New Survey Breaks the Silence on Women, Lung Cancer and Sexual Health


A groundbreaking new survey, conducted by a multi-disciplinary team in GO2 for Lung Cancer’s Lung Cancer Registry, found that sexual dysfunction is prevalent in women with lung cancer. The results were shared by study lead Dr. Narjust Florez (Duma) with top clinicians, researchers and scientists from across the world on August 9th at The 2022 IASLC World Conference on Lung Cancer in Vienna.

SHAWL survey results show sexual dysfunction is prevalent.

The Sexual Health Assessment in Women with Lung Cancer (SHAWL) survey asked women diagnosed with lung cancer about their sexual activity. Among the key findings:

  • 77% percent reported little or no interest in sexual activity
  • 67% reported rarely or never wanting to have sexual activity

The most common reasons that impacted satisfaction with their sex lives were fatigue (40%), feeling sad or unhappy (28%), issues with a partner (22%) and shortness of breath (15%).

Among the participants who reported sexual activity in the past 30 days, 59% reported significant issues with vaginal dryness and 26% reported vaginal pain or discomfort during sexual activity. When comparing to pre-diagnosis sexual health, there were also significant differences:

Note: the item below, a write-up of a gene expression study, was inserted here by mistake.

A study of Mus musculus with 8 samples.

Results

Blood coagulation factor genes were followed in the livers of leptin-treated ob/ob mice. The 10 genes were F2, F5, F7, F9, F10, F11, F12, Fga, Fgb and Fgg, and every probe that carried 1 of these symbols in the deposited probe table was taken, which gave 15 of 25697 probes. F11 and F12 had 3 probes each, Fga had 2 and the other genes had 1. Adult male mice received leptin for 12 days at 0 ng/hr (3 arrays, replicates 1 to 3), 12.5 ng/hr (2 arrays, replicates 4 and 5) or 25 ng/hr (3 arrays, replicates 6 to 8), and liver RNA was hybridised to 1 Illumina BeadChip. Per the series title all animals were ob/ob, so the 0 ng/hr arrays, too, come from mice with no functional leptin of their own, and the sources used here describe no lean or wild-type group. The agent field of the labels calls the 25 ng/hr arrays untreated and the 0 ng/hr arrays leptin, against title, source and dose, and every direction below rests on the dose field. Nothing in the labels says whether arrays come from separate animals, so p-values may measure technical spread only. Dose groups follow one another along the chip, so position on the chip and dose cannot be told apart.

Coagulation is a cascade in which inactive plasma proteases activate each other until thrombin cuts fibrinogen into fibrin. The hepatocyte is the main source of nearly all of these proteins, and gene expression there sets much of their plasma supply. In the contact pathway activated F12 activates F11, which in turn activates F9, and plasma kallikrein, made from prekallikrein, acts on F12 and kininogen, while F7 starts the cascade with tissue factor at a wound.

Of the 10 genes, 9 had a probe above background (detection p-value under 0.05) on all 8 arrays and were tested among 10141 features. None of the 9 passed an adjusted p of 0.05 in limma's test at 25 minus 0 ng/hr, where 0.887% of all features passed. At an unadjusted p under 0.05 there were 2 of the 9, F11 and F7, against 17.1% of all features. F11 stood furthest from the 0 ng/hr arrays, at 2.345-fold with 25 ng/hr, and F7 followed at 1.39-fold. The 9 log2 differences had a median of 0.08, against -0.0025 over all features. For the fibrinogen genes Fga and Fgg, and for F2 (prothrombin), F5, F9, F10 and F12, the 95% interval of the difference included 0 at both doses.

• Decreased sexual desire/interest (15% before vs. 31% post-diagnosis)
  • Vaginal pain/discomfort (13% before vs. 43% post-diagnosis)

“Most of the existing data regarding sexual dysfunction in patients with lung cancer precedes the approval of targeted therapy and immune checkpoint inhibitors,” said Dr. Narjust Florez (Duma), of the Dana-Farber Cancer Institute in Boston and the study’s principal investigator. “This is the largest study to date evaluating sexual dysfunction in women with lung cancer.”

Of those who completed the survey, 64% had stage 4 lung cancer. A total of 45% were receiving targeted therapy, with the vast majority (87%) taking the medication for more than six months. In addition, 33% of participants were taking anti-depressants and 14% were taking beta-blockers.

Breaking the silence on sexual dysfunction and lung cancer.

Sexual health in women with lung cancer has been underreported and, thus, understudied. The SHAWL study explored the magnitude of the problem to give researchers and clinicians new insights into the problem and improve the quality of life for female lung cancer survivors.

The results make clear that sexual dysfunction is common in women undergoing treatment for lung cancer. So what can be done to help women now?

Dr. Florez (Duma) is clear: Doctors and patients should discuss sexual health. Women living with lung cancer should not be afraid to bring up sexual health side effects and ask for appropriate referrals when needed.

“Sexual health should be integrated into thoracic oncology care,” she said, adding that “further research is needed to develop tailored interventions for patients with lung cancer.”

The SHAWL Study was conducted by GO2 for Lung Cancer’s Lung Cancer Registry in partnership with University of Wisconsin Carbone Cancer Center, Dana-Farber Cancer Institute and a multi-disciplinary team of investigators. Thank you to our partners and study participants for making this important research possible.